The world this week
The proposed merger of T-Mobile and Sprint, first floated in April last year, faced a fresh hurdle as a group of American states led by California and New York launched a lawsuit to block it. The states are challenging the deal because it is “exactly the sort of consumer-harming, job-killing mega-merger our antitrust laws are designed to prevent”, according to Letitia James, New York’s attorney-general.
Antitrust concerns were also voiced when United Technologies Corporation announced its intention to merge its aerospace business with Raytheon, creating a $166bn behemoth in the industry. UTC provides electronics and communications systems mainly to commercial airlines and Raytheon sells defence equipment, including the Patriot missile system, to the Pentagon. They hope the civil/military split of their interests will satisfy competition regulators. Donald Trump has already waded in, suggesting that the new “big, fat, beautiful company”, will raise costs for America’s armed forces.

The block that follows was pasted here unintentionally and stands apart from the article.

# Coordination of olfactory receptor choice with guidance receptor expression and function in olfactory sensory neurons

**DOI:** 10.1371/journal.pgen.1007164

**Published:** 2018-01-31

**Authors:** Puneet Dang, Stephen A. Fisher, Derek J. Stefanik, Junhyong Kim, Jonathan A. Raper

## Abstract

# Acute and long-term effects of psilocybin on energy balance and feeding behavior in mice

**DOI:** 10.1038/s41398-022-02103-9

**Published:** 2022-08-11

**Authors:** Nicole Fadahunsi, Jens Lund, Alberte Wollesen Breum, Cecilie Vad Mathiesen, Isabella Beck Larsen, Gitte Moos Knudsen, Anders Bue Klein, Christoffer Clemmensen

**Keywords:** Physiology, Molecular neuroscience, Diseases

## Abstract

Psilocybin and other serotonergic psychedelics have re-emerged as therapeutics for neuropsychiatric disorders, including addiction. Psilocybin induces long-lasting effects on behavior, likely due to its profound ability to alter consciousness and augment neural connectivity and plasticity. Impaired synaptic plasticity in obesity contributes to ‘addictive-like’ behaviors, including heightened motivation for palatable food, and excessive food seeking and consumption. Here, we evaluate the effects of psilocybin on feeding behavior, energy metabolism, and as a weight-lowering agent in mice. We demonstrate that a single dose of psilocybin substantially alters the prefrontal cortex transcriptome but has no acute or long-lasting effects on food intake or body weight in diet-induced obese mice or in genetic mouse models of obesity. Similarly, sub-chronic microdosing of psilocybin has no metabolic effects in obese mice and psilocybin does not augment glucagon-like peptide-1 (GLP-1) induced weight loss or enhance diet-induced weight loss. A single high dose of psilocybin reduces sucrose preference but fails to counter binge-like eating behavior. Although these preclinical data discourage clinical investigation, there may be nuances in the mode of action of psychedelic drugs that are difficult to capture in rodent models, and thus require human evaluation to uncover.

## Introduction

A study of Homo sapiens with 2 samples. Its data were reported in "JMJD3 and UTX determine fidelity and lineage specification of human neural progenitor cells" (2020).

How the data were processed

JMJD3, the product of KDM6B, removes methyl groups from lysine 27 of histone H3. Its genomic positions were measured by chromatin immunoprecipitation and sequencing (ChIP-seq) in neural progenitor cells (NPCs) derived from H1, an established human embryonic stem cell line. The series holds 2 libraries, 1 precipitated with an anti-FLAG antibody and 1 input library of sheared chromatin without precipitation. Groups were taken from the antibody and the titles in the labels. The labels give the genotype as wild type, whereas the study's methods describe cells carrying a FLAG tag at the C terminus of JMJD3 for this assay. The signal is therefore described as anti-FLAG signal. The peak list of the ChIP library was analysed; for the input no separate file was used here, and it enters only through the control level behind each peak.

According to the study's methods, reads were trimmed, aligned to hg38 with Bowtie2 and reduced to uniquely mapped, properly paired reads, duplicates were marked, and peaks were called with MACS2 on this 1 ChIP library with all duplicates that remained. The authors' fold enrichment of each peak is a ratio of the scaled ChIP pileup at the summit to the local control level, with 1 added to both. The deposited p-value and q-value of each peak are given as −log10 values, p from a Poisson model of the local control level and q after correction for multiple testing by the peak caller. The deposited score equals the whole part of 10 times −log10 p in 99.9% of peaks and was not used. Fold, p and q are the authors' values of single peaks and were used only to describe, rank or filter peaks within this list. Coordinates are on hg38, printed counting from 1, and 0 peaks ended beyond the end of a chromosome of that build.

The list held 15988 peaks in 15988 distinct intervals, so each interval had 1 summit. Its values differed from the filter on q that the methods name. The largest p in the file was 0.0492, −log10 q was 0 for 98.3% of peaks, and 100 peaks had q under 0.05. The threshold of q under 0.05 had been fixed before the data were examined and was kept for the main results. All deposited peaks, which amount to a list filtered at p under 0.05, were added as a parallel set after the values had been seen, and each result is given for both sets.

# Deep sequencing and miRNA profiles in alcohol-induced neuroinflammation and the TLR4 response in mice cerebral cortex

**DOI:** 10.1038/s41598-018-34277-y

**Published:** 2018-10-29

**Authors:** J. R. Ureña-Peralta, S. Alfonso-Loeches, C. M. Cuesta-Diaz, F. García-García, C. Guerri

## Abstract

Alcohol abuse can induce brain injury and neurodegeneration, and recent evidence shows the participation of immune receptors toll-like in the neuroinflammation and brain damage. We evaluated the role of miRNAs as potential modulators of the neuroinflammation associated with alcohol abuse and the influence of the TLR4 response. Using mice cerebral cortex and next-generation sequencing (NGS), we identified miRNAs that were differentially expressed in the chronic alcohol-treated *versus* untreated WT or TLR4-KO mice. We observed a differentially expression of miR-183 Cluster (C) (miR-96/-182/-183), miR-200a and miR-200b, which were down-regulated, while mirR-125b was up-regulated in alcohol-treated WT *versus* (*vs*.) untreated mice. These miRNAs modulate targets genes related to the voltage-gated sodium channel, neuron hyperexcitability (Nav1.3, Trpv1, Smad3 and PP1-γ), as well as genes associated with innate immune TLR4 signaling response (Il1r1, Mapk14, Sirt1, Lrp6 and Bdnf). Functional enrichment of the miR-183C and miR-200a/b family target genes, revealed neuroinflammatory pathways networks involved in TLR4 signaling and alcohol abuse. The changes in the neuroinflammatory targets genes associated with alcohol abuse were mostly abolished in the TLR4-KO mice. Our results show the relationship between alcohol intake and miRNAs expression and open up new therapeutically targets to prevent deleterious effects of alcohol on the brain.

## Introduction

Worries over trade continued to unsettle global markets. “The rising threat of protectionism” was citied by Mario Draghi, the president of the European Central Bank, as one factor in its decision on June 6th to postpone further rises in interest rates until at least the middle of 2020. Mr Draghi pledged to use “all instruments” under his control to avert an economic setback in the euro zone.
Market jitters caused investors to flee to safe assets. The German government sold ten-year Bunds at a yield of -0.24%, meaning the buyers will lose money if they hold the bonds until they mature. It was the bond’s lowest yield on record in a direct auction.